Processors struggle to stay on top of demand
A woman who works in the packaging department at Old Line Custom Meat Co. in Baltimore showed up to work April 14 with a fever. She was immediately quarantined.
About five days later, she finally received a test for coronavirus, and the result was positive. Then another woman in the same department developed mild symptoms and also tested positive. On April 20, company president Bill Ruppersberger offered his 60-plus employees the option to work or go home.
“That pretty much cooked it for us because most people did not want to come in, which was understandable,” he said.
Now, Ruppersberger is working with a skeleton crew of about four to process the meat in his freezers as the company waits to see when it can welcome back its staff without infection. Old Line is one of several processors in the region struggling over the last month to operate in a world run by the coronavirus.
Meat processors described unsustainably busy hours and a work environment of new precautionary measures meant to halt the spread of the pandemic, which as of April 22 had infected more than 820,000 Americans and killed more than 46,000.
Massive meatpacking plants across the country received a great deal of media attention this month after coronavirus breakouts closed several of them, including a Smithfield facility in South Dakota that handles 5 percent of all U.S. pork production. Experts fear breakouts could become a severe problem for the processing industry.
In the Delmarva region, processing facilities are comparatively tiny. Jeff Haass, owner of Haass’ Family Butcher Shop in Dover, Del., said he’s been astounded at the demand for meat from ordinary consumers. There was an order for three 40-pound cases of chicken, one for 5-10 pounds of bacon, another for 40-50 pounds of ground beef.
“It’s not like, ‘I want two steaks.’ It’s, ‘I want 10 steaks. Twenty steaks.’” Haass said. “I’m working 60 to 70 hours per week.”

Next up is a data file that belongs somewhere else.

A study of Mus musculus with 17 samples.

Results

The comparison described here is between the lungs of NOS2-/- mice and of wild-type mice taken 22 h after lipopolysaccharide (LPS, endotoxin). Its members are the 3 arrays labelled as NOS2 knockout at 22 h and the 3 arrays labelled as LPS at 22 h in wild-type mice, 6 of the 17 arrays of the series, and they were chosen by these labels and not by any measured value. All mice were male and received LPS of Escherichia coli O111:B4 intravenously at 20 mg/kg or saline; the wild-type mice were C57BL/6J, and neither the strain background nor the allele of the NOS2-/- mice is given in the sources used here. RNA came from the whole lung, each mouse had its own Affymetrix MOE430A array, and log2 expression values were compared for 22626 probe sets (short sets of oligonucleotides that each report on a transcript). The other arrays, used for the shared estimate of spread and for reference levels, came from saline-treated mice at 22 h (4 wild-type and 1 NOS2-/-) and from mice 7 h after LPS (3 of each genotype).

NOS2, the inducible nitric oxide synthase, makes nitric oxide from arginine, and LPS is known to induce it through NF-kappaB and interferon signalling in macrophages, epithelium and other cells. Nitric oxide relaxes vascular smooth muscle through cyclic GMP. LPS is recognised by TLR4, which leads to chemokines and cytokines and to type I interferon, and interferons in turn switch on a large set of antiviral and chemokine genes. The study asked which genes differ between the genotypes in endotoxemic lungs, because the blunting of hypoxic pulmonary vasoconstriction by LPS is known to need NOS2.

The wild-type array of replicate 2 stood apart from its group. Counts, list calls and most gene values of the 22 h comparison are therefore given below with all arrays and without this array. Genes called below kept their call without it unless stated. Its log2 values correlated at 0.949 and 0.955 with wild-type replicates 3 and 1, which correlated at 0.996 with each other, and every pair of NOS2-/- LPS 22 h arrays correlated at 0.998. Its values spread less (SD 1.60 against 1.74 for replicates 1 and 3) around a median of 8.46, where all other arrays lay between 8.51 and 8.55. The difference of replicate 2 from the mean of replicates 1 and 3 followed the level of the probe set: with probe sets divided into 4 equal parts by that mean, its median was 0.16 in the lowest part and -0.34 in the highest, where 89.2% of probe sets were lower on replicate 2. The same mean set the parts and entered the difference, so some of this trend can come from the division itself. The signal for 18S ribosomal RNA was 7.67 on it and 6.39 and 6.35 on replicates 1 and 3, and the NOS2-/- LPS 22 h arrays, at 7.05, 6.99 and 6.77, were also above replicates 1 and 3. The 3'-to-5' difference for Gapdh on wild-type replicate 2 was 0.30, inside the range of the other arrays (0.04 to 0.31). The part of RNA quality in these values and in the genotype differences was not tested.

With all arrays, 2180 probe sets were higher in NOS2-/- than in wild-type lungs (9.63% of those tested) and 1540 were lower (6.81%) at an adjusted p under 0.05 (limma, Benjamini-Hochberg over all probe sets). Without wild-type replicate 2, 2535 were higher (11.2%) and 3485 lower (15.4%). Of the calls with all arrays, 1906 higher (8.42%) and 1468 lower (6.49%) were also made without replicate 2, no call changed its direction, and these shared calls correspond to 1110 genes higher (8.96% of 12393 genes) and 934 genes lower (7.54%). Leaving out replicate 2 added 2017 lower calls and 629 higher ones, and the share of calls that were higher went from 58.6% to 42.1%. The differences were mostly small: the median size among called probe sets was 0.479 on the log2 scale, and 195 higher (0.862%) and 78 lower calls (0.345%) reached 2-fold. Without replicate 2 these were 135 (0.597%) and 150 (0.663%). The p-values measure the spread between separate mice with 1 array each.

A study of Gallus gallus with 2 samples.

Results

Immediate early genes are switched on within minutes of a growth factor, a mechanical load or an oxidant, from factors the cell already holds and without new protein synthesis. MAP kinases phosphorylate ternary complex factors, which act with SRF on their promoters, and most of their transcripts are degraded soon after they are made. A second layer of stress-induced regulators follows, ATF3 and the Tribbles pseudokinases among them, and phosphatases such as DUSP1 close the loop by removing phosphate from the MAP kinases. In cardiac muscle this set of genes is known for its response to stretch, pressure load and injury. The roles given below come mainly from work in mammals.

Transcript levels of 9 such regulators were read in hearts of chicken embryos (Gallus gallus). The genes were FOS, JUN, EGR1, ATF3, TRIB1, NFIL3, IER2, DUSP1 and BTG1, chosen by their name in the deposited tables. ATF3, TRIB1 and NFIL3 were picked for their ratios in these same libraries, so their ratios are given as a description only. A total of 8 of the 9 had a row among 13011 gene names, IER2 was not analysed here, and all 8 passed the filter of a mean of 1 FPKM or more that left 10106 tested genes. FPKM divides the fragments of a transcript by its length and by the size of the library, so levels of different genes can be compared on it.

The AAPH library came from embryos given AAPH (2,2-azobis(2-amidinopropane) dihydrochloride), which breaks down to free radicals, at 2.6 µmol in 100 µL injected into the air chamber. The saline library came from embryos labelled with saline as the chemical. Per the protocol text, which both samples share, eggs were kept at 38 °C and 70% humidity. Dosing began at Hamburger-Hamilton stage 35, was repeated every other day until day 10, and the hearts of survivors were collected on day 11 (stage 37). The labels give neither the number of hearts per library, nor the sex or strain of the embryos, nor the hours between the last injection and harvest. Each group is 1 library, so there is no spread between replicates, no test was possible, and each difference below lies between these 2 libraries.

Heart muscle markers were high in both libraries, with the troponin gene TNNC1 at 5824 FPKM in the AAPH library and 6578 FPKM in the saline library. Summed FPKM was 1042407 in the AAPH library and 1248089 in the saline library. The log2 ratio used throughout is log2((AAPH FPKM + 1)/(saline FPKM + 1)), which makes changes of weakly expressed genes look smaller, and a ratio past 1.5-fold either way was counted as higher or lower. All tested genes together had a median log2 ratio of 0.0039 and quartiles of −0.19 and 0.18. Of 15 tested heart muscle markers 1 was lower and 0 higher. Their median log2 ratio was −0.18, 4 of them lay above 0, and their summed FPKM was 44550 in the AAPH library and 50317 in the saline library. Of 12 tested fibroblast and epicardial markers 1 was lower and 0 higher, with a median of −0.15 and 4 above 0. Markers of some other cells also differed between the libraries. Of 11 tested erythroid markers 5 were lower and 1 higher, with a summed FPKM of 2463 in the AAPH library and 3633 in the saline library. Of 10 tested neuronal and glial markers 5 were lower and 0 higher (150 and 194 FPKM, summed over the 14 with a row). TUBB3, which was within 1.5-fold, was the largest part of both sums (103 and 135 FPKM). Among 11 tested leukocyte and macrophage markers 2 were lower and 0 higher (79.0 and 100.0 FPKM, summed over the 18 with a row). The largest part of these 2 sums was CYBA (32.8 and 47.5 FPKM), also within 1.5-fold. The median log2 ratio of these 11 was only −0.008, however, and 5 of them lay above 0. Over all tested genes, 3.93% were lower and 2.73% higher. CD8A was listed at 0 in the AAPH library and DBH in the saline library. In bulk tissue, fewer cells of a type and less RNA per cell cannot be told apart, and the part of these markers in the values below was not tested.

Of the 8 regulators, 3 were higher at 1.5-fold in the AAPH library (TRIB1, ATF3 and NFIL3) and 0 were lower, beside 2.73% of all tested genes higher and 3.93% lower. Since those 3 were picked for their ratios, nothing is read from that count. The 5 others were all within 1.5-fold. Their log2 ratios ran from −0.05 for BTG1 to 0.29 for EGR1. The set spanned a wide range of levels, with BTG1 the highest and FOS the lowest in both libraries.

With all the hazards associated with meat processing, he said it’s become critical to rest his 20-plus employees. He’s developed a rotating schedule to include days off “so I don’t burn them out,” he said.
To lower the risk of catching the virus, Wagner’s Meats in Mt. Airy, Md., did everything recommended by Gov. Larry Hogan after he ordered the entire state to lock down, shuttering all schools and non-essential businesses, owner Mickey Wagner said. All employees now wear face masks. Plastic shields have been erected in the register area to better separate employees from customers. Lines have been drawn onto the floor showing customers where to stand and create buffers between them. And the store closes everyday from 11 p.m. to 1 p.m. for sanitizing and restocking.
Like Haass, Wagner began to worry about safety on the line as customer orders poured in and employees worked 12-hour days. He’s hoping everything slows down.
“That’s why I had to change the hours because we were killing ourselves,” he said. “It’s definitely been good for business, but it’s not my kind of business.”
Orders was so brisk at Sudlersville Meat Locker in Queen Anne’s County, Md., owner Dwayne Nickerson had to cut back on his custom cutting for farmers and other customers while he tried to keep up with his own retail operation. His facility was getting 400-700 orders every four days.
“I’m trying to be fair to everyone,” he said. “Most (farmers) have been very understanding. They understand what we’re dealing with.”
Even before the coronavirus arrived, the lack of meat processing capacity in the region was widely bemoaned. Now, the virus is exacerbating the problem, said Richard Wilkins, president of the Delaware Farm Bureau. He said he’s received several calls from farmers who have complained about canceled appointments at regional slaughterhouses — even after months-long waits.
“We’re hoping that this situation will bring to the forefront the need for increased capacity for custom processing of locally raised and locally consumed meat,” Wilkins said.
The Southern Maryland Agricultural Commission has been trying to boost capacity in its region for years. Hertzler’s Meat, a new Amish slaughterhouse in St. Mary’s County, Md., could be ready to open in four to six weeks, said Craig Sewell, the commission’s marketing and livestock program manager.
Ruppersberger said he hopes the virus in Maryland is reaching its peak so that business in the state can begin to normalize. His company is contacting its employees every day to get health updates. He doesn’t regret slowing his plant to a crawl.
“I just didn’t think it was the right thing to keep going the way we were going,” he said.